Twitter boss Jack Dorsey founded Square. Photo: AFP / Joe Raedle / Getty Images

US digital payment platform Square, founded by Twitter boss Jack Dorsey, announced Sunday it will acquire Australia’s Afterpay Limited for US$29 billion.

Afterpay specializes in the “buy now, pay later” model that offers users staggered payments, often without extra charge.

The fintech application is available in Australia, the United States and Canada, as well as the United Kingdom, France and Italy. It has 100,000 suppliers worldwide and boasts 16.2 million customers.

The merger and acquisition, which is expected to close in the first quarter of 2022, will be done entirely through an exchange of shares and will value Afterpay at approximately $29 billion, according to a joint statement.

After completion of the deal, which offers a 30% premium on Afterpay’s share price at closing Friday, shareholders will own 18.5% of the new company’s capital.

“The acquisition aims to enable the companies to better deliver compelling financial products and services that expand access to more consumers and drive incremental revenue for merchants of all sizes,” the two groups said in the statement.

“Square and Afterpay have a shared purpose. We built our business to make the financial system more fair, accessible and inclusive,” Dorsey said in the statement. He also serves as the CEO of Square, which operates the mobile payment platform Cash App.

Cash App has a user base of 70 million per year.

“Buy now, pay later has been a powerful growth tool for sellers globally,” said Alyssa Henry, head of Square’s Seller business, in the statement.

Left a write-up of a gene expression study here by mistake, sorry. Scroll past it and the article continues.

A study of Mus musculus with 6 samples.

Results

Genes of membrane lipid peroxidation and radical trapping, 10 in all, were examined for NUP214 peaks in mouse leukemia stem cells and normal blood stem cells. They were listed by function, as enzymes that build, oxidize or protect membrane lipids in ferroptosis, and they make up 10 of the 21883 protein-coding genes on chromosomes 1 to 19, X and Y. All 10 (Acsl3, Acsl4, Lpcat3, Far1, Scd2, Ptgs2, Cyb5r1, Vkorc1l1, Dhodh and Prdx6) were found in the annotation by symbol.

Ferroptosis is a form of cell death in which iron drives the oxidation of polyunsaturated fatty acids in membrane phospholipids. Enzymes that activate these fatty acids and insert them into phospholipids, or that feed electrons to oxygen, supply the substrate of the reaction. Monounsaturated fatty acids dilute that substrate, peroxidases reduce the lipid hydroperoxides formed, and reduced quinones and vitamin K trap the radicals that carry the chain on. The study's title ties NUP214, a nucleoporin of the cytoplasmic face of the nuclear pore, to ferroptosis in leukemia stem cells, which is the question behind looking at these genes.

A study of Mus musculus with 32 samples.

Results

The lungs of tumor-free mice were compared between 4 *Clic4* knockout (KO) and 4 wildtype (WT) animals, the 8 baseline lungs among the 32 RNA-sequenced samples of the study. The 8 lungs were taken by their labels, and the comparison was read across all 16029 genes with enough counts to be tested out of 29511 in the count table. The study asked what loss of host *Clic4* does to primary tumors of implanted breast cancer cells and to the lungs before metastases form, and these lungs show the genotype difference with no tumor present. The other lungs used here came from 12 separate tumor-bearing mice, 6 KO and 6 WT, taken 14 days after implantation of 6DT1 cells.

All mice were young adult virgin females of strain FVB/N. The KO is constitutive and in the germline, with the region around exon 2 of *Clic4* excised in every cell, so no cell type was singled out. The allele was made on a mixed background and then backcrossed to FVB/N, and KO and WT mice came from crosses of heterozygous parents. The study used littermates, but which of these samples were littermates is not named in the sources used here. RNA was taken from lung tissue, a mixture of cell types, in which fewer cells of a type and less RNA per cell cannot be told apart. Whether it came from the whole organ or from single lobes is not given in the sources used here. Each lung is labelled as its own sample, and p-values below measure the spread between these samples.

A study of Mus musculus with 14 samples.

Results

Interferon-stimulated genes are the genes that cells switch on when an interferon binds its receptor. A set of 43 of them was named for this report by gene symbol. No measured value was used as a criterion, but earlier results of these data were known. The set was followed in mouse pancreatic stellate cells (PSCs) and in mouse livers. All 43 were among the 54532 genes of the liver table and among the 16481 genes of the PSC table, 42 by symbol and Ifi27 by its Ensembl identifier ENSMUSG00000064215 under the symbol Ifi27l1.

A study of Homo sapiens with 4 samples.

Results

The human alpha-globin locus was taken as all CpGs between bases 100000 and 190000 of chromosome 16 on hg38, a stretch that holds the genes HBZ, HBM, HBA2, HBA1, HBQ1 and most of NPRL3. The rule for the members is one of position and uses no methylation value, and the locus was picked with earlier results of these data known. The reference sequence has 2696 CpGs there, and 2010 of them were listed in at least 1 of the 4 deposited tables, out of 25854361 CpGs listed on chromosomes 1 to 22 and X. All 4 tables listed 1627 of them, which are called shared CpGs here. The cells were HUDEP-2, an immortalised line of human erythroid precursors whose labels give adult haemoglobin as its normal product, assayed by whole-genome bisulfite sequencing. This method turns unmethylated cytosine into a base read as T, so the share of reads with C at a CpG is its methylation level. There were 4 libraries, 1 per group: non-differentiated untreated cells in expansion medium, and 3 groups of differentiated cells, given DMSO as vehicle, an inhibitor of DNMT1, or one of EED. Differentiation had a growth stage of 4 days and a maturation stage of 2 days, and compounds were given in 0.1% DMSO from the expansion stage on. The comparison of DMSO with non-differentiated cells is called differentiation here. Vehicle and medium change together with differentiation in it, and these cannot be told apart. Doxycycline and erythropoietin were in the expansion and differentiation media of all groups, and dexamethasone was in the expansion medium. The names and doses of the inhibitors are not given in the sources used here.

Square plans to integrate Afterpay’s credit services into its existing Seller and Cash App units, which could allow smaller merchants to offer staggered payments at checkout as well.

For Afterpay co-founders Anthony Eisen and Nick Molna, “the transaction marks an important recognition of the Australian technology sector as homegrown innovation continues to be shared more broadly throughout the world.”

Square also announced in early July it was working on a real-world wallet for safely pocketing bitcoin cryptocurrency.

Hardware wallets can be used to store digital currency offline, synching with applications for transactions on the internet as needed.

Another option for cryptocurrency owners is to use “virtual” wallets, essentially trusting third parties to keep money safe and using passwords to access funds.

Dorsey reasoned on Twitter that bitcoin is a currency for the masses, and that it is important to have ways for people to hold it that don’t involve entrusting it to outside parties.

He envisioned a bitcoin wallet that makes it easy for people to use some of it for shopping, for example through smartphones, while protecting the rest of the cryptocurrency.

And in March, Square unveiled it was buying a controlling stake in Tidal, the streaming music platform created by a group led by rap star Jay-Z.

Dorsey explained the goal was to find “new ways for artists to support their work.”